But as our world apparently grows greedier, more self-centered, and cynical, we don’t want to degrade the word we use for a power we hold dear. We know we’re going to need it going forward. What’s so different about the kind of love that makes miracles, from the red plastic neon word? Have we stomped on the concept of love so often and so hard that it looks like a dirty crinkle french-fry?
Let’s begin with romantic love, the inspiration for Valentine’s Day. Why does it let so many people down? Love is not equal to romance. Many people fall in love with the idea of falling in love—of feeling gooey all the time. They crave the excitement, but love isn’t falling and it isn’t merely desire. It’s accepting deep responsibility for a relationship that can begin with sex but is sustained with good humor, loyalty, patience, and sensitivity—a relationship that is not 50/50 often but should average out to be close. Long-term love is work. Sometimes it hurts. Most long-term partners are also best friends. That’s the reason the couple doesn’t have to be heterosexual or even sexual at all. Unadulterated love is its own permission.
One definition of “love” specifies family and friends, as though we can’t feel real love for anyone else. Au contraire. What about the people who work and sacrifice for strangers? For example, I know plenty of teachers who stay in the classroom, nurses who spend personal time in the hospital, and law enforcement personnel who risk their lives out of love. Service jobs don’t pay well or draw much public respect. So, unless the employee is on the job solely for sick access to victims he or she can dominate, only love shyly described as “sense of duty” keeps the worker showing up day after day. Who wouldn’t want to make a difference—meaning a positive impact on humankind?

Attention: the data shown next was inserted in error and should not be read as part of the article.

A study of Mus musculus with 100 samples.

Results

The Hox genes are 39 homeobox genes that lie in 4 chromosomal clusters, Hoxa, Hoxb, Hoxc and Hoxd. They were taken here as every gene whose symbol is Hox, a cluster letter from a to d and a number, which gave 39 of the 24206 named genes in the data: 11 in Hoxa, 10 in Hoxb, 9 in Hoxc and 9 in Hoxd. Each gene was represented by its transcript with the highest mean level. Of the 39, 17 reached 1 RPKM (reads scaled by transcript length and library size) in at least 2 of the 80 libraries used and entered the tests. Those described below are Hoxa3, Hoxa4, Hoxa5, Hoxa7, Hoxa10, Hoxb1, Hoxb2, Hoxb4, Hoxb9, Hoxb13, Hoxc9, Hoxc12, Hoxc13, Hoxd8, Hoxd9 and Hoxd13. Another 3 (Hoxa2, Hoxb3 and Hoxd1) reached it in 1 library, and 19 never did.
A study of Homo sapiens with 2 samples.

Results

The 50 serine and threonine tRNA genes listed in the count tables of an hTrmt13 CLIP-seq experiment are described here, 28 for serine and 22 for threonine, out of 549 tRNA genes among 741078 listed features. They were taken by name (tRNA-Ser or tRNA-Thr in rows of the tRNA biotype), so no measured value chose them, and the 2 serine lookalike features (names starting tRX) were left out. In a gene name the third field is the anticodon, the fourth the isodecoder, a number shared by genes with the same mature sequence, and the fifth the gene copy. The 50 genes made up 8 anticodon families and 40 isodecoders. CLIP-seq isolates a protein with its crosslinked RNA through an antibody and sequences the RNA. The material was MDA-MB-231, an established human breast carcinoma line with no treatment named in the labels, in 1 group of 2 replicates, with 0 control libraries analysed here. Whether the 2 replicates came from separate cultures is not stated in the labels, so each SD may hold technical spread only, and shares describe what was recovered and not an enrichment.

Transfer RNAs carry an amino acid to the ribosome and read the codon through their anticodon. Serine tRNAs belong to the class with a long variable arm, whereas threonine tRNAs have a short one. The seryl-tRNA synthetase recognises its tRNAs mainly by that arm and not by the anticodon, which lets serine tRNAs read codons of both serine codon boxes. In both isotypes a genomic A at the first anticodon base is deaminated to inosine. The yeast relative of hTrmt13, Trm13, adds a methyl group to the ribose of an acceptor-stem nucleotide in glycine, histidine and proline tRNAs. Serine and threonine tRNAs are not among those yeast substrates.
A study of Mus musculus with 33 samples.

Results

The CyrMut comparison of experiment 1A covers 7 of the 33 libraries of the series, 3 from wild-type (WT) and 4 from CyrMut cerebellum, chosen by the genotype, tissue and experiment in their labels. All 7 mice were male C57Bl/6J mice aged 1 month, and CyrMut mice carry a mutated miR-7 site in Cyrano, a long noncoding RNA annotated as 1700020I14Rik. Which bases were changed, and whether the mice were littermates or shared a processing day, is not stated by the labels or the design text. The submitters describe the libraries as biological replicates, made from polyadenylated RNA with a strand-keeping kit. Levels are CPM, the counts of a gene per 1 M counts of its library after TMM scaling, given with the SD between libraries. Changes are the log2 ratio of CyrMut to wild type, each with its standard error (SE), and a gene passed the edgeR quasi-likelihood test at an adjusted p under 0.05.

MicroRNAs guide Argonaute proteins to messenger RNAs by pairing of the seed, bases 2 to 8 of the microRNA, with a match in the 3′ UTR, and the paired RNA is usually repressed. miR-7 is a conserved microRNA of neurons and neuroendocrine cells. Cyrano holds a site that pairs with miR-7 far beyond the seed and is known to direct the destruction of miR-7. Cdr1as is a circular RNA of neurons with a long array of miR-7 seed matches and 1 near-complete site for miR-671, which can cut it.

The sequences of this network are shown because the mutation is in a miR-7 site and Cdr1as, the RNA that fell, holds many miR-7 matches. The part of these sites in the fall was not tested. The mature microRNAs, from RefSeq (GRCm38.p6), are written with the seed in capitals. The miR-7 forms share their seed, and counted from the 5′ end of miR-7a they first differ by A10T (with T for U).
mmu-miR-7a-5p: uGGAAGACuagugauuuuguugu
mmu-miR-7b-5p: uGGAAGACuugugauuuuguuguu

I think this kind of other-love is underrated and mocked, but it’s the magic potion that has elevated what’s good about human civilization. It’s a bond that enriches those on both ends of the rope. It feeds a part of us we can’t locate (is it in the heart or the mind or the soul?). It can act as treatment for abuse and even hate. As truth is beauty (thanks, John Keats), love is hope.
When society intensified treating people as ciphers in schools and jobs—crowding them into small anonymous spaces designed for profit not growth or cooperation and manipulating them with fear, mutual distrust, and threats—some people began acting out. They have lost their sense of love for those around them and, perhaps, themselves. Current popular culture emphasizes that violence is the best answer to a need for control while it provides everyone easy access to weapons of war. Killing the innocent is more prevalent because the innocents mean nothing. Love is meaning.